Amidst the clanging of hammers, buzzing of saws and sizzle of welding torches, 49ers CEO Jed York and other local dignitaries discussed the new Santa Clara Stadium’s bid to host Super Bowl L in 2016 on Wednesday.
York was joined by Santa Clara Mayor Jamie Matthews, San Francisco Mayor Ed Lee, San Jose Mayor Chuck Reed and Bay Area Super Bowl Bid Committee Chairman Daniel Lurie to address the regional effort to bring back sport’s greatest spectacle to the Bay Area.
“It’s a pleasure to be working with so many great people to bring the biggest sporting event in the world to Northern California,” York said. “We’re talking about bringing the Bowl to the Bay. It’s going to be a regional effort, it’s going to take a lot of hard work. But as Daniel said, we’re a little bit different than some of the other folks. We have a community-minded process and we’re looking at a long-lasting legacy.”
The trio of Matthews, Lee and Reed have also met with fellow mayors and local politicians from throughout the Peninsula and the Bay Area region. In a sign of solidarity, all three mayors pledged to work together to bring to the region all of the benefits of a Super Bowl, citing the economic boom that would come with it.
“The Super Bowl bid is incredibly important to the whole Bay Area region,” Lee said. “The strength of our bid will be reflected in the collaboration we do as a whole region. We want that Super Bowl 50 very badly. We can smell it.”
“Bringing the Super Bowl here will be a regional effort with regional benefits,” Reed said. “San Jose’s excited about it, we’re happy to participate. We’re looking forward to filling up our hotels, our restaurants, our facilities with people here to visit the Super Bowl, just as they will in San Francisco, Santa Clara and many other cities around the area.”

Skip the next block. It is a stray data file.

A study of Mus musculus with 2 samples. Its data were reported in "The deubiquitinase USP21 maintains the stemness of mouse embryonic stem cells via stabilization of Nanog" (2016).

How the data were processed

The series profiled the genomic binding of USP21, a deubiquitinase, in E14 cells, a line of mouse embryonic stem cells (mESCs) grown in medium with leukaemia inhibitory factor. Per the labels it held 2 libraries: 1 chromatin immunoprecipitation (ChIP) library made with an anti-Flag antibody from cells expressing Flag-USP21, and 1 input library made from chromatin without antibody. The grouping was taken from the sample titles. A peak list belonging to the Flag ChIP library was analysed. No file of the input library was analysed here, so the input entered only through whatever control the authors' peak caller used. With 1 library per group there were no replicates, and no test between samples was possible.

Lurie is heading the committee which is responsible for the Bay Area’s Bid for Super Bowl L in 2016. The formal vote will take place on May 21, when the new Santa Clara Stadium will vie with Miami to host the Super Bowl following the 2015 regular season. The runner-up will then compete with Houston to host Super Bowl LI in 2017.
“We’re excited to show off our region, the innovation, and also the compassion that we have here in this community,” Lurie said. “We are not only talking about one game, but we are talking about bringing all of our people together, shining a light on our entire region and helping our whole community embrace this.”
York’s vision is to showcase what makes the Bay Area one of the world’s unique destinations, citing its commitment to sustainability, technology and being on the cutting edge. The 49ers CEO discussed the plans to achieve a LEED Gold certification from the U.S. Green Building Council, touting the stadium’s green roof and capability to power its 10 annual home games with strictly solar panels from its year-round collection of energy.
Hosting Super Bowl L would also mark historical significance, as Super Bowl I was held in Los Angeles in 1967. But the Super Bowl hasn’t been hosted in Northern California since 1985, when the 49ers defeated the Dolphins 38-16 at Stanford Stadium.
As it looks ahead to the new era of Bay Area football, the region isn’t just looking to host the Super Bowl once, but also serve as a long-term option to be a key part of the NFL’s Super Bowl rotation.
“There is no greater place to have a Super Bowl than here in Silicon Valley,” Matthews said. “We’ll have the very best stadium and the best fan experience. We have the very best weather and we have the best people and companies to support the event. I know that anyone coming to Santa Clara will be excited, anyone coming to San Francisco will be thrilled, anyone coming to San Jose and all the cities in between will have a wonderful time here. I think between the Golden Gate and Silicon Valley, we can’t be beat when we all work together.”
At the moment, 1,000 workers are laboring virtually around-the-clock toward a 2014 kickoff. While construction can never go fast enough, Project Executive Jack Hill has been pleased with the progress of his crews with less than 11 months on the job.
The pre-cast concrete has already been fitted for the top and middle bowls, while the lower bowl will soon be transformed with pre-cast concrete in 4-6 weeks. In all, 95 percent of the steel has been installed for the entire stadium.
“We would never say we’re ahead of schedule,” Hill said. “But, suffice it to say, we’ve enjoyed some great weather and are excited about opening up on time.”